Journal article
Authors SMA Issa
BL Schulz
NH Packer
Niclas G. Karlsson
Published in ELECTROPHORESIS
Volume 32
Issue 24
Pages 3554-3563
ISSN 0173-0835
Publication year 2011
Published at Institute of Biomedicine, Department of Medical Biochemistry and Cell Biology
Pages 3554-3563
Language en
Links dx.doi.org/10.1002/elps.201100374
Keywords glycomics, mucin, o-linked glycosylation, software
Subject categories Medical Biotechnology (with a focus on Cell Biology (including Stem Cell Biology), Molecular Biology, Microbiology, Biochemistry or Biopharmacy)

Abstract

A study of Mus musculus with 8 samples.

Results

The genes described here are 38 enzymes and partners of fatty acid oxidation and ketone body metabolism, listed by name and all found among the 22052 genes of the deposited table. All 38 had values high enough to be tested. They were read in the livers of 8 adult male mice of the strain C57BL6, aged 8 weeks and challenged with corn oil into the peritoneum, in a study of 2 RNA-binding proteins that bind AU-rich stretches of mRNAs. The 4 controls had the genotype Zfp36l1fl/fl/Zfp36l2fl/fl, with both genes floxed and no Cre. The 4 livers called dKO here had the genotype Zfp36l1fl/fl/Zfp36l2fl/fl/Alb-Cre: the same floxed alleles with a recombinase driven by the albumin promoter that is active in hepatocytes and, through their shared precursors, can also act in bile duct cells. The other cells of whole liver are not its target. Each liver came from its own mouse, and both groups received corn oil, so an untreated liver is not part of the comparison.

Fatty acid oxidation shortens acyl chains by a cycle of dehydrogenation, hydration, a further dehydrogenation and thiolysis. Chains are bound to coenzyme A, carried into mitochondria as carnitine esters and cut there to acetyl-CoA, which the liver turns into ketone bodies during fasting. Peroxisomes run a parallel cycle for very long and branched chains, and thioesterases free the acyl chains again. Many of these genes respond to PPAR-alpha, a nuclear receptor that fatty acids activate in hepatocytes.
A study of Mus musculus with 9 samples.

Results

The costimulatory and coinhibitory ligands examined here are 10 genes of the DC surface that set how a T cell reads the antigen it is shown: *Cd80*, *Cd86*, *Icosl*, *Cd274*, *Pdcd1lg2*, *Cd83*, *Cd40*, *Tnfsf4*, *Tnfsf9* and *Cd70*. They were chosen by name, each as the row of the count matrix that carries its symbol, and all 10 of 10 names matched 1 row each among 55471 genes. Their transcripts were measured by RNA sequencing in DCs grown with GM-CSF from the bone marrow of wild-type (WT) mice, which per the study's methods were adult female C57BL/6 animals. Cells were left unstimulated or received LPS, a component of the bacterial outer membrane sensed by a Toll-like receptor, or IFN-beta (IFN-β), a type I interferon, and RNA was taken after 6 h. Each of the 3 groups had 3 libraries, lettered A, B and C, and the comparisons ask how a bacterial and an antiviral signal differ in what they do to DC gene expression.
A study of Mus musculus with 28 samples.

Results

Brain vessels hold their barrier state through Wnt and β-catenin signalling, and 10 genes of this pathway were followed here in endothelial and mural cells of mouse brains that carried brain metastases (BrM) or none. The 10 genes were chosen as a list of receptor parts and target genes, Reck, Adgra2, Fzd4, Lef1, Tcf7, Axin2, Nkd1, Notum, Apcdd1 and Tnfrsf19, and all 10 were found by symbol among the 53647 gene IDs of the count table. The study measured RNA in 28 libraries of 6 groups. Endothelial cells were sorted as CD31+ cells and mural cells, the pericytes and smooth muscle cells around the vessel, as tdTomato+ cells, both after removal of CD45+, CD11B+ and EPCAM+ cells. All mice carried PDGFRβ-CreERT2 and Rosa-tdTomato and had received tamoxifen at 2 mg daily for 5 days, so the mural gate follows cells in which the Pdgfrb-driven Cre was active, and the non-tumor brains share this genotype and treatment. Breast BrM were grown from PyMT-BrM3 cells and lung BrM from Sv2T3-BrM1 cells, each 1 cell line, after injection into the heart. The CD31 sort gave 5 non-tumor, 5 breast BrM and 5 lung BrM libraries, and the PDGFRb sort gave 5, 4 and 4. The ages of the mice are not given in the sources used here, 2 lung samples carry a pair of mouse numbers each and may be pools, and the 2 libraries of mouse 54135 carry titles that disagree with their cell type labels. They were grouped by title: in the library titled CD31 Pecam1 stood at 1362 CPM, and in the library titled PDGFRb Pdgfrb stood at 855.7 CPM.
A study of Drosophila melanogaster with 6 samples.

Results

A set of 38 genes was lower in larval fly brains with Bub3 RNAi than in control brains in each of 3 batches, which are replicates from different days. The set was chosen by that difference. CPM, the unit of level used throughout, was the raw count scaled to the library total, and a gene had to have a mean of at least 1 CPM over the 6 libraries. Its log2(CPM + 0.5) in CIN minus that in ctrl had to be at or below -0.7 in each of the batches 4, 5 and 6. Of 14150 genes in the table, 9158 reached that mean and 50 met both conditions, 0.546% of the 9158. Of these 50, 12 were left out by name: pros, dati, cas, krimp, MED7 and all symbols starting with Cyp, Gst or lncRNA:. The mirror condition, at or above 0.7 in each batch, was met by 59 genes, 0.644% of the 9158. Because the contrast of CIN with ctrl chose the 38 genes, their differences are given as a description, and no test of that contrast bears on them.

Efficient separation of mucins (200 kDa-2 MDa) was demonstrated using gradient SDS agarose/polyacrylamide composite gel electrophoresis (SDS-AgPAGE). Inclusion of urea (SDS-UAgPAGE) in the gels casting were shown to have no effect on the migration of mucins in the gel and allowed casting of gel at room temperature. This simplified the procedure for multiple casting of agarose polyacrylamide gradients and increased reproducibility of these gels. Hence, the implementation of urea makes the technique applicable for high throughput isolation and screening of mucin oligosaccharides by LC-MS after releasing the oligosaccharides from isolated, blotted mucin subpopulations. It was also shown that the urea addition had no effect on other supporting applications such as western and lectin blotting. In addition, identification of the mucin protein after tryptic digestion and LC-MS was possible and no protein carbamylation due to the presence of urea in the gel was detected. LC-MS software developed for metabolomic analysis was used for O-linked oligosaccharide detection and differential display of various mucin samples. Using this method, heterogeneous glycosylation of mucins and mucin-type molecules isolated by SDS-AgPAGE and SDS-UAgPAGE was shown to consist of more than 80 different components in a single band, and in the extreme cases, up to 300-500 components (MUC5B/AC from saliva and sputum and). Metabolomic software was also used to show that the migration of mucin isoforms within the gel is due to heterogeneous size distribution of the oligosaccharides, with the slower migrating bands enriched in high-molecular-weight oligosaccharides.